A Sacrifice to the Agile Gods

03.08.2013

As the presentation went on, it was evident there’s some division between the crowd and Roy. The crowd came to hear about the agile leader, the Scrum Master. Roy was talking about the team leader. And these entities, their roles and skills were not the same. Or were they? You can read more impressions on the discussion in Lior Friedman’s blog.

Is this post-agile speak? Are the two roles the same, or have we grown past the “classic” scrum master role?

Scrum Master vs Team Leader

Roy is talking about the role that scrum left behind: The manager. That’s the classic team manager, the one who is responsible for her team, from the view point of the organization. You remember her, right?

Usually, team leaders get promoted by being the best at what they do, usually develop software. No one has taught them how to manage, let alone lead. No one has taught them how to hire people, how to develop their team, and how to manage conflicts in the team. This doesn’t sound like scrum anymore, does it?

Nope, that’s management, that nobody teaches (nobody except the excellent Manager-Tools). The great team leader is a great manager. The one that scrum forgot.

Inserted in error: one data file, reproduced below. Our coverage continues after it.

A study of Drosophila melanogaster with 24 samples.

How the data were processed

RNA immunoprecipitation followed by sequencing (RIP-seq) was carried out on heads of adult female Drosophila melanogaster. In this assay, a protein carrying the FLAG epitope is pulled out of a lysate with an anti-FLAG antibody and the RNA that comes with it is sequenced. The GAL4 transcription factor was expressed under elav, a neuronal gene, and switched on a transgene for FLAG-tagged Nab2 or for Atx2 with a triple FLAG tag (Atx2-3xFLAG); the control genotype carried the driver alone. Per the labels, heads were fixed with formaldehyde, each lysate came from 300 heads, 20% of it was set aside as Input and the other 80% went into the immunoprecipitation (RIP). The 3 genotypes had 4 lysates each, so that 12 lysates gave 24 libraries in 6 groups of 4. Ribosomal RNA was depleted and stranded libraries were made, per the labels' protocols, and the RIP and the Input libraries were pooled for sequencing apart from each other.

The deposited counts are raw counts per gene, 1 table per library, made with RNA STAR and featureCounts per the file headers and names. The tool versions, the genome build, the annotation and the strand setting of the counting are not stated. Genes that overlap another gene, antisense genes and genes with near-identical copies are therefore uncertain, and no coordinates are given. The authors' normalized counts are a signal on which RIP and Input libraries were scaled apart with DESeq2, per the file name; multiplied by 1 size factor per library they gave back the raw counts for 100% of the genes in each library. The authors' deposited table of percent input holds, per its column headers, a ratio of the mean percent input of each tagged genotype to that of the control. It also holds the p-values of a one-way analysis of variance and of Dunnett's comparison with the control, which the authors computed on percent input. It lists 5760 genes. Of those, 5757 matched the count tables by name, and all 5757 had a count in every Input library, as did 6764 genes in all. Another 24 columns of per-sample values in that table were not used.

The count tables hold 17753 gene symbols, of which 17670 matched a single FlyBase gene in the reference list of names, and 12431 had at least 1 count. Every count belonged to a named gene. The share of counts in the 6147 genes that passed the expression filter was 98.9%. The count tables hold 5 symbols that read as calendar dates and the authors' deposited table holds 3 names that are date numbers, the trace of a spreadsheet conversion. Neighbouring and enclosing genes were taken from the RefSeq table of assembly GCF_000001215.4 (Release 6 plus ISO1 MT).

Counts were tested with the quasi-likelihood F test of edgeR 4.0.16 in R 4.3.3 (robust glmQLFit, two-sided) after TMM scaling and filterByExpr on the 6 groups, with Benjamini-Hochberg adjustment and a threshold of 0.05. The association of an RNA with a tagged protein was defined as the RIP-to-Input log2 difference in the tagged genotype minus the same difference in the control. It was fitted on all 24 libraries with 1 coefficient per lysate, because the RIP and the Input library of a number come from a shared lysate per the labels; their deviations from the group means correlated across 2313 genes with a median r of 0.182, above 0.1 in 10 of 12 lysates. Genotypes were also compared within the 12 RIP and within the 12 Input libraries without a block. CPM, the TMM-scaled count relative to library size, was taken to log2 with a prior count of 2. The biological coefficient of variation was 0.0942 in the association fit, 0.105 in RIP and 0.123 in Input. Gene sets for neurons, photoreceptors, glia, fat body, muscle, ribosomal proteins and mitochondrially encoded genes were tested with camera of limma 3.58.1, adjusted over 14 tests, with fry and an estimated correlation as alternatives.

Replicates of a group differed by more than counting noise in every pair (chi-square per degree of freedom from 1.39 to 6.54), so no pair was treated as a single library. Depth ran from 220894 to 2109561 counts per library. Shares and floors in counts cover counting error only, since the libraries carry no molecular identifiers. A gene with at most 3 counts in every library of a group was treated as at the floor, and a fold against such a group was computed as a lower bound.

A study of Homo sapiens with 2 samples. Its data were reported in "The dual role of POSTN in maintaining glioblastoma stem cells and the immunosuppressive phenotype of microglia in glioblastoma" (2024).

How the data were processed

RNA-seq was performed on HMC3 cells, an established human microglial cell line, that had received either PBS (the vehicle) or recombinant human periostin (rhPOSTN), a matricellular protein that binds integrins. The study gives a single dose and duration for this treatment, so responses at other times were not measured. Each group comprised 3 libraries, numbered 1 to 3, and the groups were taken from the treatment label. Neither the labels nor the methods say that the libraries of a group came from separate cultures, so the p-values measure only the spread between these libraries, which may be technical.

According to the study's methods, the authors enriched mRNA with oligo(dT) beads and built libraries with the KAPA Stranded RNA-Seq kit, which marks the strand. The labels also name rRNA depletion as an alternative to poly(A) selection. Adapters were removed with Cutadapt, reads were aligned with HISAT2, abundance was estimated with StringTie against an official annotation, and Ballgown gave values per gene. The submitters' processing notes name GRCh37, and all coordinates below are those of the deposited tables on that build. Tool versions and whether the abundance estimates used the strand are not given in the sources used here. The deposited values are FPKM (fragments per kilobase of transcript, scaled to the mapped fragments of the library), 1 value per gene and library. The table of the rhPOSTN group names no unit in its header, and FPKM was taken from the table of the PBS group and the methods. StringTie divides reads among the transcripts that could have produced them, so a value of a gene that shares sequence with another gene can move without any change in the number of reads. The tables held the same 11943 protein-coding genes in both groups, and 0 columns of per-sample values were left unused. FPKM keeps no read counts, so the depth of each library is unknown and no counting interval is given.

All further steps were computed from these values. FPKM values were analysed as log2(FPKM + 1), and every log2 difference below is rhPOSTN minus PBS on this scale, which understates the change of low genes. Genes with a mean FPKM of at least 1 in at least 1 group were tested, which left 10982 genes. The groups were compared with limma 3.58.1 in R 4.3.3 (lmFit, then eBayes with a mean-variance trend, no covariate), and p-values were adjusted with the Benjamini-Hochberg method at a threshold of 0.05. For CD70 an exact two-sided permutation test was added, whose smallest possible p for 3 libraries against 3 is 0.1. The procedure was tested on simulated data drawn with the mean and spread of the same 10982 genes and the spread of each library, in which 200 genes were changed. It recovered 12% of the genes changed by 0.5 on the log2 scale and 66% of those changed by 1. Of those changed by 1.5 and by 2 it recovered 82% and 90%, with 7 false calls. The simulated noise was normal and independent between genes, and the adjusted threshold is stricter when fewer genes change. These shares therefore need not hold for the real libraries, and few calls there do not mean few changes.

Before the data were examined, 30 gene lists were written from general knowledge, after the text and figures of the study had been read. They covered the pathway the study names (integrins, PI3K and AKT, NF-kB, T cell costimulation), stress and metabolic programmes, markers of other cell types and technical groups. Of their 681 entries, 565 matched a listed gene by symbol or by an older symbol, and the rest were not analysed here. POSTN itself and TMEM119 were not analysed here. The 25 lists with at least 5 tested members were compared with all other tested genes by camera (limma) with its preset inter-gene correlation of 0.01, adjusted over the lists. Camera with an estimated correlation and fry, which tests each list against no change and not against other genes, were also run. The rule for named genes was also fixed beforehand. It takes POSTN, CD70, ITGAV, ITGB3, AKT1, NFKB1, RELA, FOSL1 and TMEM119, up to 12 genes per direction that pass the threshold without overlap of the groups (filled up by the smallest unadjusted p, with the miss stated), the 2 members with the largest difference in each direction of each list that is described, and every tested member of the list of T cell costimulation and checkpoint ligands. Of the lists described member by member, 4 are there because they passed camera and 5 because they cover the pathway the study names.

The Forgotten Manager

In a recent post, “Is Agile Doomed?” I wrote (again) about the disconnect between the developers and the business, and what led there. Scrum managed to build a protected developer team. But it did so by building a wall between the developers and the business. The manager was indeed another brick in the wall (get it?). Scrum didn’t have a place for a manager. The team self organizes, communication is flowing, and processes are in place, thanks for the scrum master.

But business organizations have not changed so much over the last few years. Sorry agile folks, we’re the minority. For businesses to grow, we need good managers and great leaders, whose people skills are at play. The people the business counts on to grow the people on their team. These would be the future managers.

Teams that are adapting agile are struggling with the role of the team leader. Most of the discussion around this, not surprisingly, was about the manager losing his “power”, or authority. The transformation of the manager to a scrum master was the answer.

However, this transformation should not be complete!

The good managers should continue to manage people. The bad managers should be removed, and replaced with good managers. Scrum has given us a great platform for businesses to be effective and productive. But in the long run, businesses need to consider the big picture.

Managers should not be sacrificed on the agile altar.

Published at DZone with permission of Gil Zilberfeld, author and DZone MVB. (source)

(Note: Opinions expressed in this article and its replies are the opinions of their respective authors and not those of DZone, Inc.)